Ladybower Reservoir Circular Walk
Distance: 5 miles
Time: 1-2 hours
Terrain: Well-made tracks and quiet pavements, gently undulating
Accessibility: No stiles or kissing gates, well-made tracks, some gates
Features: Cycle hire, motorised wheelchair hire is available at Fairholmes car park, also shop, and toilets.
Download Route: Ladybower Reservoir Circular PDF
This lovely, gentle walk is on well-made paths and offers the most magnificent views for only a small amount of effort. The circular route completes a circuit of one half of Ladybower Reservoir and passes the awe-inspiring Derwent Dam, scene of the practice flights for the famous Dambusters raids during WWII. The accessibility of the route makes it suitable for family-friendly cycling and users of all-terrain wheelchairs or pushchairs, as well as hikers and dog walkers.
Free parking is available along the route, although the walk starts and ends at Fairholmes Visitor Information Centre, operated by the Peak District National Park. If you choose to park there for a small charge, your money goes towards maintaining the facilities and supporting the charity. There are toilets, a café and a gift shop at the Visitor Information Centre.
From the A57, follow the brown signs marked ‘Derwent Valley Dams’ and park either at Fairholmes Visitor Information Centre or in one of the parking areas along the road close by.
From the Visitor Information Centre, turn left and walk on the wide pavemet alongside the road that takes you back towards the A57. The road is quiet, the path is well made and level, and the views are spectacular.
On your left as you walk, look across the reservoir towards the bulk of Derwent Edge. To your right initially are the wooded heights of Hagg Side and, further on, the gentle green slopes of Crook Hill, managed by the National Trust. The tall ‘peaked’ hill directly ahead of you is Win Hill. Win Hill towers to a lofty 463m and, for those who like more challenging hikes, offers unsurpassed 360 degree views of the Hope Valley and the Derwent Valley.
After approximately 3km, pass through a gate beside a cattle grid. Easily visible ahead of you is the beautiful Ashopton Viaduct, built in the early 1940s.
The arches that you see rising above the water are only the very top of this impressive structure, as can be seen from this image taken during its construction (picture credit picturesheffield.com).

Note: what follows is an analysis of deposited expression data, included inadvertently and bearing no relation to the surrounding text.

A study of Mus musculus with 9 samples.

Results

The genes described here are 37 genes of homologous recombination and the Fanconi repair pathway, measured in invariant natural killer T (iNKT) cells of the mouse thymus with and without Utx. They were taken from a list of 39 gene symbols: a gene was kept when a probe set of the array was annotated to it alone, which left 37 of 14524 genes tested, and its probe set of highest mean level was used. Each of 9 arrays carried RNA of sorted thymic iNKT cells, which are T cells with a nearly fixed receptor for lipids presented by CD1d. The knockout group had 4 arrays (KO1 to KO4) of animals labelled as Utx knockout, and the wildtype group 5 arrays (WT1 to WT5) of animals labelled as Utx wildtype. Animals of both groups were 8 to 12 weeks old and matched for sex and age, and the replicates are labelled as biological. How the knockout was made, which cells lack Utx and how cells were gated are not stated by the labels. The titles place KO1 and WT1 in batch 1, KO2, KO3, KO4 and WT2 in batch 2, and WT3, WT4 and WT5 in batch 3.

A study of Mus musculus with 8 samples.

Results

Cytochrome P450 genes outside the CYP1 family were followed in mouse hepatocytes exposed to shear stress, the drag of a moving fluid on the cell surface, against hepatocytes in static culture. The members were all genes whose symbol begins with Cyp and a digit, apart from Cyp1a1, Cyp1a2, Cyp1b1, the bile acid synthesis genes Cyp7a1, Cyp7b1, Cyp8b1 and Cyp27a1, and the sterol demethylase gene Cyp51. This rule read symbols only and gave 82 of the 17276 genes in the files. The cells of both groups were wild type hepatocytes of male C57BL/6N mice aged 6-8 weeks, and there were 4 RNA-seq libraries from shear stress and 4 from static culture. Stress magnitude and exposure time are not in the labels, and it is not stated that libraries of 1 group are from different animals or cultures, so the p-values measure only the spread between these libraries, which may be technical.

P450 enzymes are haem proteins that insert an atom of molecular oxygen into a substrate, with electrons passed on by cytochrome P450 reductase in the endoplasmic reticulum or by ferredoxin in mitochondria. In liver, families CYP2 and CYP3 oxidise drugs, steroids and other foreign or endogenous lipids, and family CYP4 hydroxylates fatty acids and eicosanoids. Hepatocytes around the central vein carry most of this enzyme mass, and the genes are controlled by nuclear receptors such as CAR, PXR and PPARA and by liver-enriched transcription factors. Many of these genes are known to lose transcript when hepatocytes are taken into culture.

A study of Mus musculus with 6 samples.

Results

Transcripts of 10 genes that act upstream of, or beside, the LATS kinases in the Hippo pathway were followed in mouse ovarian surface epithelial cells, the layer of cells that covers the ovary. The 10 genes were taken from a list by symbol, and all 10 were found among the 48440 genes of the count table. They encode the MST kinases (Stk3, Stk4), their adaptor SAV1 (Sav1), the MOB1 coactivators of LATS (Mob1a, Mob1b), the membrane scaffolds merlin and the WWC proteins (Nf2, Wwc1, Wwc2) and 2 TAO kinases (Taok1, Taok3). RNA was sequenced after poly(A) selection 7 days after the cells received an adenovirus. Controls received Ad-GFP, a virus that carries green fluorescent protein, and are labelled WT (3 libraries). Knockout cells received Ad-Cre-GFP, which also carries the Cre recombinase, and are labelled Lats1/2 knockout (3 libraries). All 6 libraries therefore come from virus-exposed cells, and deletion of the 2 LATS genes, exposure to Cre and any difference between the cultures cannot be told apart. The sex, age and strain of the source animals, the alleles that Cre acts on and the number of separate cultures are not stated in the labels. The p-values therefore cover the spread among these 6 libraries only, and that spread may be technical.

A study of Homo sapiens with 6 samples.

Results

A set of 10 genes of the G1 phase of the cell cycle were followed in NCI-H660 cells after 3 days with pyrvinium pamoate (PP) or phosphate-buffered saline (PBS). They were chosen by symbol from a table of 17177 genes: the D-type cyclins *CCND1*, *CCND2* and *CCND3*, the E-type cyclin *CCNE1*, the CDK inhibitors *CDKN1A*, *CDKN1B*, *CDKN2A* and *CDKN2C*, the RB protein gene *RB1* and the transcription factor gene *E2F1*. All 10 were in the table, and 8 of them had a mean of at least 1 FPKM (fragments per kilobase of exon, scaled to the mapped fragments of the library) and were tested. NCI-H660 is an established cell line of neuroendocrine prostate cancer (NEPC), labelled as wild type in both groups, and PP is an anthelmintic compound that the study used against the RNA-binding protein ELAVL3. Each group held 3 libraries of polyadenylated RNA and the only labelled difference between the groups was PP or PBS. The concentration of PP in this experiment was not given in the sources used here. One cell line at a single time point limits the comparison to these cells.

Once you reach the A57, turn left to cross the bridge, taking time to admire the views as you go over.
Immediately after crossing, look out for a track to the left that brings you back to walk on the other side of the reservoir. Although the track is marked Private Road, please note that this is a public footpath.
Go through a wide gate and follow the quiet track along the edge of the reservoir, again with marvellous views ahead of you. The track is gently undulating and well maintained, and it passes through beautiful shady woodland. Ignore all footpaths off and stick to the main track.
After approximately 3km, you will crest a hill and come upon a small cluster of pretty houses. These houses are all that remain of the village of Derwent, which is one of the two villages (Ashopton being the other) flooded to create Ladybower Reservoir.
The villages of Derwent and Ashopton were small but thriving communities in their time, with a number of houses, a shop, a church and a coaching inn. The villagers were all relocated and the buildings submerged under the waters. In particularly dry summers, look out for the exposed foundations of some of the village buildings.
Soon after passing through the village the track forks, with the right hand spur signposted as a Public Bridleway to Langsett. Continue on the left hand track, heading slightly downhill.
Directly ahead of you is the mighty structure of Derwent Dam. In the winter months there is often a torrent of water cascading down its face, spilling over from Derwent Reservoir above.
The building of the dam was started in 1902 and it stands at an impressive 35m high. Derwent Dam, and the similar Howden Dam at the top of Derwent Reservoir, are well known for being the site of the practice bombing missions for 617 Squadron (known as the Dambusters) before their attack on the Ruhr dams in Germany in 1943. The 1954 film ‘The Dambusters’ was filmed here and the reservoirs see regular flypasts from the Lancaster and Spitfire bombers of the Battle of Britain Memorial Flight.
Continue on the track for approximately 500 metres, before arriving back at your start point of Fairholmes Visitor Information Centre on your left.
This walk is also suitable as a short bike ride with a cycle hire station at Fairholmes.